Are you failing to rake in the respect, admiration and monetary recompense that are consistent with your advanced level of project management expertise? If so, you need your own business or management model, complete with its own slick-sounding acronym, in order to truly set you apart and make you stand out in a crowd of (otherwise) management equals.
This is easier than it looks. For example, someone can, say, set up a traditional Responsibility/Accountability Matrix (RAM), deconstruct them into detailed instructions with lot's of fuzzy terms like "strategic," "engage" and "implement", slap an acronym on it--like RACI (Responsible, Accountable, Consulted, Informed)--and voila! They've developed their very own management model.
I love reading the synopses in the management course catalogues I get in the mail (yeah, I know, I need to get out more). You can almost track the entire debate among the Agile management practitioners, the Scrum advocates and the more traditional Waterfall Model believers just by reading what the instructors or paper presenters believe they are bringing to the table.
I know: I'm inviting a truckload of comments questioning my intelligence. But Agile management strikes me as little more than the practice of loosening up baseline change control parameters to the point of almost begging scope creep to hit your software project in a bid to acquire the kind of managerial latitude needed to deliver software faster. Throw in some trendy tactics, like re-arranging the desks in the office and bring along the ever-present admonition to achieve better communications (especially with stakeholders), and then you can profoundly influence the conversation on management theory around the globe.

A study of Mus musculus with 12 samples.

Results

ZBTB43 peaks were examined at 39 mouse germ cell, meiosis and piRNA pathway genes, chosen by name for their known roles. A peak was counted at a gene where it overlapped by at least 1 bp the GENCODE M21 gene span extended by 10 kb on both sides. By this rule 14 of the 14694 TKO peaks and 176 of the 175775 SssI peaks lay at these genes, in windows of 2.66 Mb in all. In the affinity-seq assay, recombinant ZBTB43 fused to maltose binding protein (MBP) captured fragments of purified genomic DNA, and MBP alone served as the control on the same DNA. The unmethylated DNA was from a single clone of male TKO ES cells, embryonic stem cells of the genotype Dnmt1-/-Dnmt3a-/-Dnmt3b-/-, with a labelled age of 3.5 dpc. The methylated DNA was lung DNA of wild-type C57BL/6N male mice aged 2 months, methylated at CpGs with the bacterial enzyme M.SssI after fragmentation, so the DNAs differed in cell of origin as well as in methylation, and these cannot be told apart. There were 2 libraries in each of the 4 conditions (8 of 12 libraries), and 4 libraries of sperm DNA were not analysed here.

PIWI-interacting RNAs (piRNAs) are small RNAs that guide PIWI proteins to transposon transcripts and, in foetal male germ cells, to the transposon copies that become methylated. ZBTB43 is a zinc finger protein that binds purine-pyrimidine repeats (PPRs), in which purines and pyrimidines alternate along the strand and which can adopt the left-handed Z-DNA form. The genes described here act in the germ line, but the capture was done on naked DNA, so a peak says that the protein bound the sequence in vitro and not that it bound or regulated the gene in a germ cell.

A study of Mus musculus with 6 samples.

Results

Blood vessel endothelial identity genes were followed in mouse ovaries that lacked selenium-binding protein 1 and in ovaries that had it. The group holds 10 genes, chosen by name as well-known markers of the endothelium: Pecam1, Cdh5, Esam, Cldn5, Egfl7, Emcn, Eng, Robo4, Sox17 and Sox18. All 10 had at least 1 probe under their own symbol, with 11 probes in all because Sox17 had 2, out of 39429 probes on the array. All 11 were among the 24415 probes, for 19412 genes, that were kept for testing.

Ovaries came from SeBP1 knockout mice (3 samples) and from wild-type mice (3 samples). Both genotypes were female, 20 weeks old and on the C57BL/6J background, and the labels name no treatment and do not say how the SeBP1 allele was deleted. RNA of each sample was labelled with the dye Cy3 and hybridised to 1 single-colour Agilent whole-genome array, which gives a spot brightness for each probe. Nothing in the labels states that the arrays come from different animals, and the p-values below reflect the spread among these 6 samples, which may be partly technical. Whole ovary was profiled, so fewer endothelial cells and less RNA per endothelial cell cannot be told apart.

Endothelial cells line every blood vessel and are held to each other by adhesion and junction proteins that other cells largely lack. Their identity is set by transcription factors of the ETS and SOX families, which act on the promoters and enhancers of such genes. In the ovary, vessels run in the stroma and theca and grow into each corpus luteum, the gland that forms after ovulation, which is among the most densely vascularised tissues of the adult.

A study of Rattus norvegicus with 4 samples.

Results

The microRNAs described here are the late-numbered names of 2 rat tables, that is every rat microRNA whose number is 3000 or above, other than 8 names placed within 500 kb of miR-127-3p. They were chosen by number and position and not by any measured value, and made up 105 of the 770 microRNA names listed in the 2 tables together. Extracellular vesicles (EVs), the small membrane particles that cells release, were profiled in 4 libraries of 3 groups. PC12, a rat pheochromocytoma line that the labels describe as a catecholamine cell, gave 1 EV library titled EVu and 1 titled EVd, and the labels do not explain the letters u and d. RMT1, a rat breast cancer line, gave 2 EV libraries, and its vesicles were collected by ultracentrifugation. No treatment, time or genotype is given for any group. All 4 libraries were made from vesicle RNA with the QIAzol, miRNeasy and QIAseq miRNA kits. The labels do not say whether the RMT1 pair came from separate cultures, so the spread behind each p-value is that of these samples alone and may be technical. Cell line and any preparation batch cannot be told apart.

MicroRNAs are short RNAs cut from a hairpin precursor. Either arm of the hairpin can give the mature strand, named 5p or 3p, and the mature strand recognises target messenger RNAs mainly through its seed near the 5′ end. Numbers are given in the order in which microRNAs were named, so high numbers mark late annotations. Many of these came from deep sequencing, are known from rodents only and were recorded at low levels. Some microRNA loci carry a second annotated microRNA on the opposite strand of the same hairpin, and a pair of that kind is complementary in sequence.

I first became aware of the practice of deconstructing already-existing management practices and trotting them back onstage re-packaged during the 1980s, when "Activity Based Costing" was suddenly a hot topic. For you gen-exers out there, Activity-Based Costing (note how easily the acronym falls off the tongue: ABC) was the idea that a project's basis of estimate should be created at the lowest level of the Work Breakdown Structure, or activity level, and "rolled up" to total project cost. Problem was, this was the way that valid estimates had been created since the dawn of project management. Besides, what's the alternative? Estimating based on the availability of the organization's resources? For manufacturing, process or asset management, that might be a workable approach, but it was never so in the realm of project manager. Nevertheless, a plethora of ABC-themed paper presentations' titles started appearing in project management and cost engineering seminars. True to form, of the ones I attended, the content was made up of deconstructing the act of generating the basis of estimate into some sort of process guide--almost like a recipe--and then sprinkling in vague but trendy management-speak terms to make it appear new, or more sophisticated.
To engage in a bit of deconstruction myself, at the end of the day all management models are nothing more than formulaic attempts at telling other people how they should be managing their projects. I can see why such models are appealing to consultants. But, for the rest of us, do they really merit all of the books, articles and presentations devoted to them?